When noting down the major influences of music culture it is easy to be dazzled by the bright beauty of stardom. More often than not, it is those under the spotlight that glisten with enough intensity to keep the attention of the masses firmly trained on their expression. But while those in the glare of public attention are the welcoming facade of the sonic skyline, there is a steel of observers, diarists, stylists, documentarians and protagonists who provide the structure needed for lasting artistic change. As the firework of punk was launched into the air one man conducting the chaos was Don Letts.

A DJ, filmmaker, social commentator and artistic agitator, the life of Letts is a storied and stringent one. During the new documentary Rebel Dread takes a fierce look at the creator’s philosophy both within punk — where he operated as a pivotal influencer and provider of change — and in his life outside of music. It’s an 86 minute reminder that only the most authentic are capable of galvanising a broad group of artists.

“Punk rock’s a living thing,” says Letts, “something to look forward to, not look back on.” It’s a sentiment that feels somewhat lost on an audience directly tuning into the increasingly sepia-toned past of punk rock but still feels like a genuine mantra for the Rebel Dread himself. Becoming a part of the punk scene in the late-’70s as the music craze began to not only sweep a nation but splinter into differing factions, Letts’ south London home became a musical holy land for a range of artists from The Clash to the Sex Pistols.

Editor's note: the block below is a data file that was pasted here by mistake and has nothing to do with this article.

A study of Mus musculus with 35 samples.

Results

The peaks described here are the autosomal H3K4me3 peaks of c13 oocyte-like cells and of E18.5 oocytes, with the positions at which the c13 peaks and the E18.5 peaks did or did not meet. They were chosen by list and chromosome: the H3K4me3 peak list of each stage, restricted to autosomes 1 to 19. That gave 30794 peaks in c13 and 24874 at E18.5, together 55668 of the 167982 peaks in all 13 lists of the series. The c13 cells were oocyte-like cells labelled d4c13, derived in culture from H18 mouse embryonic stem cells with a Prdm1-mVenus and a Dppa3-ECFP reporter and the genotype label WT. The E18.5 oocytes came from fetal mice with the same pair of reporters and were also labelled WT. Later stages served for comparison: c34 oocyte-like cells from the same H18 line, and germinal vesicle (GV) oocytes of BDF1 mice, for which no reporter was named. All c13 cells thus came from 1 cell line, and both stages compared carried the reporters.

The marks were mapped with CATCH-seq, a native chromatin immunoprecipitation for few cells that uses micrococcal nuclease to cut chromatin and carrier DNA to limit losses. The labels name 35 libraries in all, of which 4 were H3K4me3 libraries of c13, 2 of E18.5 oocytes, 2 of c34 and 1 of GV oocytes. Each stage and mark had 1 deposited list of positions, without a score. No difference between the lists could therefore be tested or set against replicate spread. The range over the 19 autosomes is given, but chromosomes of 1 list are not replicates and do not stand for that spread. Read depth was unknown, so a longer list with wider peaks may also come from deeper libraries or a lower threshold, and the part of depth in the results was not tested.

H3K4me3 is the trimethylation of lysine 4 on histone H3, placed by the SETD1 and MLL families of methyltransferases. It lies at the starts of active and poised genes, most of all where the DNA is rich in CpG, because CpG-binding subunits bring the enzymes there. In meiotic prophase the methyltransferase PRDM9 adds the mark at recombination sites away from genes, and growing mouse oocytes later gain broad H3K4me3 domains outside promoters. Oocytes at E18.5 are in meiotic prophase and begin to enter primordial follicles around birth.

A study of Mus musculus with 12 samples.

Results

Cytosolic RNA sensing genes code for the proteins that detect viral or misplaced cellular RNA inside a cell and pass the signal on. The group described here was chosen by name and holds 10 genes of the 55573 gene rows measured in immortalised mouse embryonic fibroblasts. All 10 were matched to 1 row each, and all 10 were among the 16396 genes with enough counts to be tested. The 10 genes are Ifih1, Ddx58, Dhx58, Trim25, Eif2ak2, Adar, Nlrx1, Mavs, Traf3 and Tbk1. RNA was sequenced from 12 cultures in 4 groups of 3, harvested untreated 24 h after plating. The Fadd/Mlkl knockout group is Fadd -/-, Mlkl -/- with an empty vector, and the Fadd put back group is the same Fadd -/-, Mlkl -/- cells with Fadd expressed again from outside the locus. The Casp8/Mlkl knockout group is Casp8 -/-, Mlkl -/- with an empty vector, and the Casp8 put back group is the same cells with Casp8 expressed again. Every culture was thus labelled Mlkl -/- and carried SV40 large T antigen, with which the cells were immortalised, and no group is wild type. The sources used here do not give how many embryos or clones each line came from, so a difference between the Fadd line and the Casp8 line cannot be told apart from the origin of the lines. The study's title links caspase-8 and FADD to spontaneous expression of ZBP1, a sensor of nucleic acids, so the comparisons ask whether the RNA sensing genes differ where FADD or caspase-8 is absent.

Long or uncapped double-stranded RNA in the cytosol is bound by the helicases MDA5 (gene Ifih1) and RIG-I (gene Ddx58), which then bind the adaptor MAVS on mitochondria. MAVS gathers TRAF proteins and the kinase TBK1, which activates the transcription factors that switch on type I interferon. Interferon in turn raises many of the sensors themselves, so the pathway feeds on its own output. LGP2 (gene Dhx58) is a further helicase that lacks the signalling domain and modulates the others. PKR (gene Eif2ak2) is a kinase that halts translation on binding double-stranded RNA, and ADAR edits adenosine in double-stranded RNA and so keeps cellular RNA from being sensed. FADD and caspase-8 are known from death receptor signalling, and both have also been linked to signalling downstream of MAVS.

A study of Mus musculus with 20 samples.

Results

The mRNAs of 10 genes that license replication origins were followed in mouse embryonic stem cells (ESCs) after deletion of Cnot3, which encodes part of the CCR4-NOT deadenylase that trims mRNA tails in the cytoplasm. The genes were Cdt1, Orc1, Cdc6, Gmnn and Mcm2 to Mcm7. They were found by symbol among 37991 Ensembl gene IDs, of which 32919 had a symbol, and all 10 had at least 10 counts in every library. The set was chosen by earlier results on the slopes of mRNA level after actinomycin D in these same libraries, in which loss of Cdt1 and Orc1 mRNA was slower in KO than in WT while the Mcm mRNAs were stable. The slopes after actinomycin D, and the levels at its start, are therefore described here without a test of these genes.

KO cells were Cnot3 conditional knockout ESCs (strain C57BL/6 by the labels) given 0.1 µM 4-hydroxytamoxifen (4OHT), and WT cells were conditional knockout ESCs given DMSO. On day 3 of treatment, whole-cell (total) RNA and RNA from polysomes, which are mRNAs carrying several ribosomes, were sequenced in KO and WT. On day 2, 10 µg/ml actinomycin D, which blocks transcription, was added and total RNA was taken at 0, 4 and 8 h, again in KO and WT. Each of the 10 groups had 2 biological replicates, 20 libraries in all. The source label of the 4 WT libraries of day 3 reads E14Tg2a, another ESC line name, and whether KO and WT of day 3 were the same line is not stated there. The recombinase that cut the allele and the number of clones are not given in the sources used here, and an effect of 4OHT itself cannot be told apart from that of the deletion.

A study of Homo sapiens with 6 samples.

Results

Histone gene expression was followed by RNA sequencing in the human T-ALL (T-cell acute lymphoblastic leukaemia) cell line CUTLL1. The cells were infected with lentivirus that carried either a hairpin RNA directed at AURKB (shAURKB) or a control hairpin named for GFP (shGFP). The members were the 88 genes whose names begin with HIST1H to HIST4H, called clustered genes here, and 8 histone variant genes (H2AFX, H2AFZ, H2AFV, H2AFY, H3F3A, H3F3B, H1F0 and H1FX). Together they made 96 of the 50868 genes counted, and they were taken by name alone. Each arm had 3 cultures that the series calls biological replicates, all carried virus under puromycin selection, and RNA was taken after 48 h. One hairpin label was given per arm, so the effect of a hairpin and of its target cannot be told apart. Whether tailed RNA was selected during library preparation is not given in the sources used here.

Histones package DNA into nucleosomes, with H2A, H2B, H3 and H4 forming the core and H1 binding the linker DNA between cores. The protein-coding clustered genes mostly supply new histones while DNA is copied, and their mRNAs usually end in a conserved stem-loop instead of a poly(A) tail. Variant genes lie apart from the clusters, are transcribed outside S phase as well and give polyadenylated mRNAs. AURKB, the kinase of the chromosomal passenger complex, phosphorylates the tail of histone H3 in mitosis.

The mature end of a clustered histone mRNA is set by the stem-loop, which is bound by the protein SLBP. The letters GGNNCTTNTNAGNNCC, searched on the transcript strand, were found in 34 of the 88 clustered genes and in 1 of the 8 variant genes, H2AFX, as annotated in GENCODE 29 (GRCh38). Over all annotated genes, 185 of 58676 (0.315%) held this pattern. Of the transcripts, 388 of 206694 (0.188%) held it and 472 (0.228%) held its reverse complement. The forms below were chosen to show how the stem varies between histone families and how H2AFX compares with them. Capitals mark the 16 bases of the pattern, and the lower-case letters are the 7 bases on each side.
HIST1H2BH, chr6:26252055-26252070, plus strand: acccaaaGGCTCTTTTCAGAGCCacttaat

John Lydon, the latter’s frontman, take pride in sharing his experiences with Letts. The Clash guitarist Mick Jones’ face beams as he too remembers the searing influence of Letts’ dub-heavy record collection and the many nights spent slowly influencing his band’s artistic output. Both artists would find inspiration within Letts’ ideologies and searing taste. It would seem that any time spent with Letts was worthwhile, a notion buoyed when delving into the Roxy’s DJ LPs and Super 8 footage.

Within these two threads of Letts’ long tapestry sits Rebel Dread. A mixture of these strings are furiously strummed across the doc, and with footage of The Clash and Sex Pistols playing live, the importance of the DJ’s reggae records and how they changed the musical landscape becomes clear. A resource that should never be diminished, this film provides a digestible, enjoyable and entertaining morsel of Letts’ larger collection.

Perhaps the most enjoyable part of the film is to see the boy turn into a man. Seeing the rebellious teen, one who literally set fire to his own classroom, turn anger and passion into a cultural scythe of creativity. It’s one that he still swings today, thrashing through the chaff to get to the golden brilliance of honest and authentic work. While the film is undeniably hued with nostalgia, it is Letts’ powerful intent to forever look forward that leaves a lasting imprint.